Susanne Gottberg

Susanne Gottberg
Object, 2016
Oil on canvas
145 x 120 cm / 57.1 x 47.2 inches

Susanne Gottberg

Susanne Gottberg
Objects, 2016
Oil on canvas
200 x 250 cm / 78.7 x 98.4 inches

Susanne Gottberg

Susanne Gottberg
Object, 2013
Oil and colored pencil on wood
50 x 60 cm / 19.69 x 23.62 inches
GF 7478

Susann Gottberg

Susanne Gottberg, 2014

You rank among Finland’s best-known contemporary artists, and you have been enriching the Finnish art scene since 1989 with your lyrical paintings of simple subjects – objects – which your render with immaculate attention to detail. Many of your paintings in fact have the title object.



1. What is the object of your paintings and what do you wish to express through it?


I have always regarded titles as having an important function. I’m interested in the dialogue between the verbalized and the visualized, the third dimension that springs up between them. Words evoke certain ideas and feelings, while an image/painting elicits different responses. Ideally the two joined can give birth to something exciting. An image/painting and its title each has its own independent function, both of equal importance.


At some point I noticed myself wanting to focus more attention on the visual side, so I gave up naming my paintings. I didn’t want to use the standard ‘Untitled’, so I came up with Object instead. That’s ultimately what a painting is – an object placed in front of the viewer.


Perhaps I don’t really think of myself as a painter in the strict sense of the word. Of course I’m interested in the challenges presented by the two-dimensional surface and how quickly it begins to convey a sense of the bottomless depth on the other side, but in the end I’m more interested in the conceptual side of painting. For me painting represents both an attempt to understand what painting and the painted surface are all about, as well as an oblique means of contemplating the great unknown in front of me, the ever-changing Other.


A painting itself is an object, and the portrayed thing is the object of the painting. When a painting is hung on the wall, cast in the role of the Other, the tables are turned: the viewer too becomes an object to the painting, just as the painting is an object to the viewer.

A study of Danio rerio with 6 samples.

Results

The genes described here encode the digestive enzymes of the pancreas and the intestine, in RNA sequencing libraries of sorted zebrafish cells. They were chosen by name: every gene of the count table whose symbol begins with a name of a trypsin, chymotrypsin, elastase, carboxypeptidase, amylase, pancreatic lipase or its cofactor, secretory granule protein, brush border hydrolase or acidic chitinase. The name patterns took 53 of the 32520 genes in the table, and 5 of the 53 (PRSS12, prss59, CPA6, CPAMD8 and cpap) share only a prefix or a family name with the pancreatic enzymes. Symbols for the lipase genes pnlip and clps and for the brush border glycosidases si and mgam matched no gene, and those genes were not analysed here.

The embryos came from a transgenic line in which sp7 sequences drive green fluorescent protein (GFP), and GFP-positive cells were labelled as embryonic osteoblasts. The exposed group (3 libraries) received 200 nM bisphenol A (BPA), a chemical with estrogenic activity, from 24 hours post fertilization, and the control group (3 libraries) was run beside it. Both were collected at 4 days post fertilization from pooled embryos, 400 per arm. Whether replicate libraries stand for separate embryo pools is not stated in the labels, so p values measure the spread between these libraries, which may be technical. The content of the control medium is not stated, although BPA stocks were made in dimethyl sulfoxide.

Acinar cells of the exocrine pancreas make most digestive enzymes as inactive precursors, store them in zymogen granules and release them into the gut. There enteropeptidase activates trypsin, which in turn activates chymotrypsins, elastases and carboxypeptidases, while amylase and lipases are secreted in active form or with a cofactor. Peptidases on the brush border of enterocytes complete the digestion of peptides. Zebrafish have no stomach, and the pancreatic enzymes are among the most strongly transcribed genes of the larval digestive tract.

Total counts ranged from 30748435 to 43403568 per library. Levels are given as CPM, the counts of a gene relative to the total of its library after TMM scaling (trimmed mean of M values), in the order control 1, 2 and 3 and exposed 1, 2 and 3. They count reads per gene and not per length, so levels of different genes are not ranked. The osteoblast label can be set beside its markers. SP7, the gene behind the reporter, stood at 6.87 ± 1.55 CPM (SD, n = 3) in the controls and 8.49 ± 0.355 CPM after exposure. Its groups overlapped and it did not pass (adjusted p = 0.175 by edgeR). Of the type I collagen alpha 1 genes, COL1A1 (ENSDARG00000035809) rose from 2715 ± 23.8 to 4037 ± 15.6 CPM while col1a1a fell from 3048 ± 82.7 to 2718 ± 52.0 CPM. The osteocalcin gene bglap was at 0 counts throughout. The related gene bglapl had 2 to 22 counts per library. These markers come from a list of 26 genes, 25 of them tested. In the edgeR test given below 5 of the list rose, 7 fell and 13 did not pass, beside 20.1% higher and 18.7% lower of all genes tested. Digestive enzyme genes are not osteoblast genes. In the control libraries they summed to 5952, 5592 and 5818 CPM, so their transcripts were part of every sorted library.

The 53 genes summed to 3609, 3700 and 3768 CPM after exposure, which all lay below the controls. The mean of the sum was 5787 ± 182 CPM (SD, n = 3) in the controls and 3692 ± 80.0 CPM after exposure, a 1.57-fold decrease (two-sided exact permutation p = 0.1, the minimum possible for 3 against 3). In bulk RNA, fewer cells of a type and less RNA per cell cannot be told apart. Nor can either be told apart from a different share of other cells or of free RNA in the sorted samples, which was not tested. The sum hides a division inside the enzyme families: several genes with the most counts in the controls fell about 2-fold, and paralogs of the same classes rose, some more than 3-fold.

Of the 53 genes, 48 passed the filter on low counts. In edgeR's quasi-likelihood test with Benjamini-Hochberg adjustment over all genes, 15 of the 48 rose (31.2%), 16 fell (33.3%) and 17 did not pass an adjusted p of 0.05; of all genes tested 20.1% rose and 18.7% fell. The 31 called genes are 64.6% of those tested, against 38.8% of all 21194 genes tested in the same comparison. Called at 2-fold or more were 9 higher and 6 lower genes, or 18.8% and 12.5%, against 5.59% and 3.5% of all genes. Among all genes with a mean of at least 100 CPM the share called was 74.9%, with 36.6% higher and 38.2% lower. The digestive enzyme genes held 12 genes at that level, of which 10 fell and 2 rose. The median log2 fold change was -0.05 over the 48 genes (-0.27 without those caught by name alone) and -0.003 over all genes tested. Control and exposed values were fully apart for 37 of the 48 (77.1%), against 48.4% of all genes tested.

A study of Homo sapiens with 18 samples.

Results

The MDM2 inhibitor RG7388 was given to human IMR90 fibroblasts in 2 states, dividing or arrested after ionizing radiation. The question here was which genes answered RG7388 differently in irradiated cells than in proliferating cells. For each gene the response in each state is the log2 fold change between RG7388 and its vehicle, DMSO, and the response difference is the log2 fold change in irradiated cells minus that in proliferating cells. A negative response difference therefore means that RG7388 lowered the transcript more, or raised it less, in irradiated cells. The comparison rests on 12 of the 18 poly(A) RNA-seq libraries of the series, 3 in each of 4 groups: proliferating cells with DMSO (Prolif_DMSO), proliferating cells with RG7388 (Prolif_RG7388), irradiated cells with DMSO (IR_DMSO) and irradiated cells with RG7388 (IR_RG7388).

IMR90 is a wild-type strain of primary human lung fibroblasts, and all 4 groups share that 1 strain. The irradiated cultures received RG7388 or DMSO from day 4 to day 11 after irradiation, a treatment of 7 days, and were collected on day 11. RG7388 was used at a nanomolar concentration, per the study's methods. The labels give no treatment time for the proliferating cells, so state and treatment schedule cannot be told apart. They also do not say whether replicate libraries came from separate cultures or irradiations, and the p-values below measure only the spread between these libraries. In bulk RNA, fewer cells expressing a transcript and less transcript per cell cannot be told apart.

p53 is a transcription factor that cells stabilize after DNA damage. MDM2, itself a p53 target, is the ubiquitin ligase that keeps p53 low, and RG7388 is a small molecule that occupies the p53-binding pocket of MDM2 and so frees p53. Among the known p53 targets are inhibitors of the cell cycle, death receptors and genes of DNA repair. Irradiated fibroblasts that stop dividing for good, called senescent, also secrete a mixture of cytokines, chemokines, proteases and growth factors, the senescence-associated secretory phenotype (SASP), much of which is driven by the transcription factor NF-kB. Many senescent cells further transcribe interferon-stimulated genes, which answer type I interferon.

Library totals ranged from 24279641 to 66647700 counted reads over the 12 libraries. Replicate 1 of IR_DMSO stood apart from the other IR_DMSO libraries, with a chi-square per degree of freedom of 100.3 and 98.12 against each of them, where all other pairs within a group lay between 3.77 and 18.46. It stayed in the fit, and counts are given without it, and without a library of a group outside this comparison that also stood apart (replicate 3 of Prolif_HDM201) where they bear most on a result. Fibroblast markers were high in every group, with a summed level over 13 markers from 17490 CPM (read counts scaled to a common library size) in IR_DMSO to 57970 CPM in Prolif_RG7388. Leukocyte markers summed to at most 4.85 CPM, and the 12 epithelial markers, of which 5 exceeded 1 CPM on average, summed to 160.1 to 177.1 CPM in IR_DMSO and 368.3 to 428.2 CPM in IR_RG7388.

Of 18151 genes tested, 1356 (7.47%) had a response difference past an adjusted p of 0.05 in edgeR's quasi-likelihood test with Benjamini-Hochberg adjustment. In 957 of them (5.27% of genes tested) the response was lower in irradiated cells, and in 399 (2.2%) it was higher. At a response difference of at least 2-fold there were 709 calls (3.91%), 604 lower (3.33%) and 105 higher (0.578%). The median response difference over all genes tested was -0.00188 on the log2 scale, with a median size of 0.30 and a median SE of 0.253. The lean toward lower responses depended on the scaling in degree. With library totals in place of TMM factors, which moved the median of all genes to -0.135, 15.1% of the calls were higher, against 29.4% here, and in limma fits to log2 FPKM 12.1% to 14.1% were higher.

2. You once said that painting is a meditative process for you. Can you elaborate on what this means to you?


My earlier works on wood have a meditative quality because drawing on wood in pencil is a very time-consuming process. These works are instilled with a particular sense of presence because I spent so long simply focusing on the surface and the movement of the pencil, losing sense of what I was actually portraying. I didn’t want my personal handprint to be too visible. I wanted only to convey an experience.



3. For many years you painted on wood, but now you have gone back to painting on canvas. How has this switch impacted your work?


Switching from wood to canvas completely changed my style. It felt like I rediscovered painting and unearthed a whole new side of myself. I had always thought that I wasn’t cut out for an expressive style and clearly readable brushstrokes – others could, but not me.  When I finally plucked up the courage to try, I instantly noticed how natural it felt. It all became about the traces of the brush, which I consciously left visible, and the physical presence of the Author/Other – the touch. It became about speaking, not in words, but actions. It requires absolute presence and concentration to leave traces of actions that come across as authentic, conscious and real. I feel like I’m turning directly to face the viewer and trying to be as open as I can.


After switching from wood to canvas, I also enlarged the scale of my paintings so that the viewer is more completely enfolded in their embrace.



Your latest paintings seem new both in their color scheme and their visual abundance. Could you tell us a little more about what inspired them and how they differ from your previous work?


I’m constantly searching for new approaches and hoping to gain fresh insights on what I’m doing. The collection I painted for the CHART Art Fair picks up on the theme and style of my previous exhibition, but this time I was bolder than before. I was struck by a compulsion to paint in bright, forceful colors. My new paintings have a greater sense of immediacy; I feel they’re more sensual than my previous works.



4. You painted a series of transparent drinking glasses for your 2015 exhibition at Galerie Forsblom. This is a continuing thematic strand in your oeuvre. Do glasses have special significance for you?


A glass, in my eyes, is a clear metaphor for painting: it is an “object used for or capable of holding”. A glass – like a painting – is a receptacle or container into which the viewer pours their gaze and interpretation.


A painting ultimately represents exactly what it is. The canvas is a receptacle for the image/painting. I try to bring the represented object as close as possible, both spatially and mentally, which gradually begins to erode its temporal layers and sense of distance.


A glass or a painting exists and yet does not, for both are transparent: they don’t exist because you can see through them, yet they exist because they throw back a reflection of their surroundings. Or perhaps a glass exists in order to contain a cosmic void within itself; it is “any space between the arms in which something is held”.


Galerie Forsblom is pleased to present the latest paintings by Susanne Gottberg (b. 1964) at CHART Art Fair in Copenhagen, August 26–28, 2016.